SINGAPORE – When a social media influencer’s post calling two men wearing turbans “huge obstructions” to her view at the Singapore Grand Prix went viral, some among the Sikh community felt uncomfortable.

But increasingly heated online criticism of Ms Sheena Phua, an Instagram beauty and travel content influencer with more than 76,000 followers, led a group of young Sikhs to an unconventional response: they invited her to an informal tour of a gurdwara so that she could learn more about their traditions.

Mr Sarabjeet Singh, 34, the president of the Young Sikh Association (YSA), told The Straits Times his group’s gesture took some thinking through.

“Some responses to Sheena’s original post felt like a case of cyberbullying. (Although) there were some among us who were also a little uncomfortable with her initial post, we recognised it as an opportunity for us to reach out and engage,” he said.

“We still feel that we did not want an apology. Would an apology alone have done anything to improve awareness and understanding?”

Ms Phua, 29, has apologised for the controversial remarks she made on Instagram two Saturdays ago (Sept 21). She had posted a photo of two men wearing white turbans standing in front of her at the Singapore Grand Prix, and captioned it: “Dang! Two huge obstructions decided to pop out of nowhere.”

She later clarified that the word “obstructions” was intended to refer only to the height of the two men who were both taller than her, and so had been taken out of context.

She told ST: “I did some reflection and agreed with (some) people that although the video was not outrightly racist, it was insensitive and had caused a lot of distress to the Sikh community… I decided to take up the YSA’s offer to learn more.”

Last Saturday, a week after her divisive post, Ms Phua took up YSA’s invitation to a four-hour visit to the Central Sikh Temple in Towner Road, which she said “showed how peaceful the Sikh religion is”.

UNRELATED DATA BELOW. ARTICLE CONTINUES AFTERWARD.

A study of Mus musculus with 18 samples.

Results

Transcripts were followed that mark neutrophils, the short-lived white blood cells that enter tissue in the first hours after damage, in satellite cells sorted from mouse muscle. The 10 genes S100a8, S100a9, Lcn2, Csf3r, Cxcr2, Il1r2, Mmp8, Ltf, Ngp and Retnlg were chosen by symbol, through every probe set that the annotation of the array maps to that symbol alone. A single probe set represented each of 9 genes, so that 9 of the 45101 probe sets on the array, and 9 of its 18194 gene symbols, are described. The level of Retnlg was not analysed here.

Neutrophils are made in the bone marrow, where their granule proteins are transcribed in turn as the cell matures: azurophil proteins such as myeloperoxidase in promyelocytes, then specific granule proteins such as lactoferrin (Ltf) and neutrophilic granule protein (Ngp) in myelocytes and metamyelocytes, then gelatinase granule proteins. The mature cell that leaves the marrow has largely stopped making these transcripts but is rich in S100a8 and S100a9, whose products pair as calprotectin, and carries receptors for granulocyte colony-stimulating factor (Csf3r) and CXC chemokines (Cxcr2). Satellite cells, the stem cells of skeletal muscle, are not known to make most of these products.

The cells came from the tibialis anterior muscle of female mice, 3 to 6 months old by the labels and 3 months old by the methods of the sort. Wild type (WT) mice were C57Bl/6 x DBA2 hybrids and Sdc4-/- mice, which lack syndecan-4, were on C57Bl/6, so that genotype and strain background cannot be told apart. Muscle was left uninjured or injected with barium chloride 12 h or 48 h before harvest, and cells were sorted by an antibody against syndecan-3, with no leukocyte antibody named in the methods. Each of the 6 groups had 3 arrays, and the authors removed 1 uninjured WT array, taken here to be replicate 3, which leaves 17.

The YSA was formed in 2003 by a group of young Sikh Singaporeans to empower young Sikhs and enhance mutual understanding among people of different ethnic groups.

While at the gurdwara, Ms Phua was given an introduction to the Sikh religion and culture, and had questions like how Sikhs greet each other answered.

She also participated in sewa, or an act of service, by trying her hand at making chapati in the community kitchen.

She was also showed the Guru Granth Sahib, the principal scripture of Sikhism.

Ms Phua told ST she has a close friend who is Sikh but that she has never discussed religion and culture with her, saying: “I never really truly delved deeper into understanding the religious practices (of others). For many youths, the issues we discuss revolve around mundane issues like fashion, gossip and travel.”

She said that she hopes she will get more opportunities to interact with minority groups because “they have definitely contributed to (Singapore’s) growth as a society.”

Mr Sarabjeet, a civil servant, said he was glad Ms Phua took up YSA’s offer, hoping that “all of us have walked away as better people”.

He said: “She demonstrated humility, kindness, curiosity and sincerity, and that is more important to us.”